Diabetes can cause a variety of long-term complications involving various parts of the body. In the North America diabetes is the leading cause of adult blindness, kidney failure and non-traumatic, lower extremity amputation. However, like many other medical problems, complications from diabetes are easier to treat if identified before they advance to late stages.


We now know that high blood glucose levels are directly related to the development of diabetic medical complications. Therefore, maintaining blood glucose levels as close to normal as possible is the first step in preventing the onset of complications.

For some people, completely avoiding diabetic related illnesses may be difficult, for a variety of reasons. Other people may already have complications when they are diagnosed with their diabetes, which suggests the diabetes had been present for many years before it was discovered. So, it is also critical to regularly check for possible complications.


1: Screening for diabetic eye disease (retinopathy): This should be performed annually by an eye doctor (ophthalmologist or optometrist). Patients with diabetic retinopathy have bleeding or swelling on the retina, the part of the eye responsible for vision. In addition to blood sugar control, good blood pressure control can also prevent diabetic retinopathy. Additionally, treatment with laser therapy helps prevent vision loss.
2: Screening for diabetic kidney disease (nephropathy): Small amounts of a protein called "albumin" in the urine is the first sign that diabetes may be causing damage to the kidney. The special name of this protein in the urine is "microalbuminuria", and your physician should screen for this annually. Besides being the first sign of diabetic kidney disease, microalbuminuria is a risk factor for a heart attack, similar to other risk factors such as smoking and high cholesterol. If microalbuminuria is detected early on, treatment to slow or potentially stop further progression can be undertaken.

For those with type 1 diabetes, screening generally is not necessary until the diabetes has been present for 5 years. However, people with type 2 diabetes should be screened at diagnosis.
3: Screening for diabetic nerve disease (neuropathy): This is determined by how good the sensation is on the underside of your feet. This test should be done annually, at minimum.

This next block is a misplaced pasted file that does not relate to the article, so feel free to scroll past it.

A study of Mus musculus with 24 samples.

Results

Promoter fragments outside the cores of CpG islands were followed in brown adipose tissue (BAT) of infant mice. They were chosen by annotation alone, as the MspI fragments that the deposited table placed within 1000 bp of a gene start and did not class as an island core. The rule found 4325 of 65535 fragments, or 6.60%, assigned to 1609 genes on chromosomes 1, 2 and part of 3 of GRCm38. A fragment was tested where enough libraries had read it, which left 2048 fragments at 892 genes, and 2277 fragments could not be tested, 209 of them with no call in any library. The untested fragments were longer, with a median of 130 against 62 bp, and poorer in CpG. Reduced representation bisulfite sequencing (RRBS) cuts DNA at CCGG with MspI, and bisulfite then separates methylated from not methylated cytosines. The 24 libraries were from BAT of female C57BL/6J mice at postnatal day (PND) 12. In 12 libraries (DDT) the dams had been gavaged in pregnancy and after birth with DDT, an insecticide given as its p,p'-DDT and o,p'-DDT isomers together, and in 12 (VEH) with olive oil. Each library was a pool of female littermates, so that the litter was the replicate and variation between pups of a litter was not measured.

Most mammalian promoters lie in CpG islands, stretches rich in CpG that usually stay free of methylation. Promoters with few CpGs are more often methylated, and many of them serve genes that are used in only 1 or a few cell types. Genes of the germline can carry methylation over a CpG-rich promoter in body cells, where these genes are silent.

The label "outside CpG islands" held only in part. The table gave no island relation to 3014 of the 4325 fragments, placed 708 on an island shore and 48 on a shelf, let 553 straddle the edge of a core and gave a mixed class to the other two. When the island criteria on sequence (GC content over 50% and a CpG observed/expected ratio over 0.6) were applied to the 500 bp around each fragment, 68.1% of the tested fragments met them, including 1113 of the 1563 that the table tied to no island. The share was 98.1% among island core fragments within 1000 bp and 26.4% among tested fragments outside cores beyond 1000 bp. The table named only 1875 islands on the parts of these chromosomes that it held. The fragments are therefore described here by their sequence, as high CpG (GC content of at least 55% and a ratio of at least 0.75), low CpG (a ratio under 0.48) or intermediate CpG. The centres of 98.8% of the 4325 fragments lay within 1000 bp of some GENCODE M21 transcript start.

4: Typically, your doctor will press a nylon filament against your feet. If you don't feel it, you likely have nerve damage and your risk of damaging one or both feet increases, by not feeling a cut or abrasion, for example. Alternatively, you may not know your shoes are too tight and could subsequently develop a blister.
If the sensation in your feet is abnormal, you should examine the bottoms of your feet at least once, and preferably twice daily. You need to make sure you don't have any new blisters, calluses or poorly tririmmed nails. For most people with this type of neuropathy, regular visits to a foot doctor (podiatrist) may be quite helpful.
5: Screening for heart disease: Since people with diabetes have an increased risk of heart attack, many doctors are now recommending formal screening for heart disease. This is typically done with an exercise stress test, where you are wearing the leads to an electrocardiogram (measuring the electrical activity of your heart) and exercising on a treadmill or bicycle. Changes in the electrocardiogram while exercising may indicate heart disease, even if there is no chest pain or pressure present.
When early screening for these complications is done, more effective treatments may be started. You should feel free to discuss these different screening recommendations with your physician.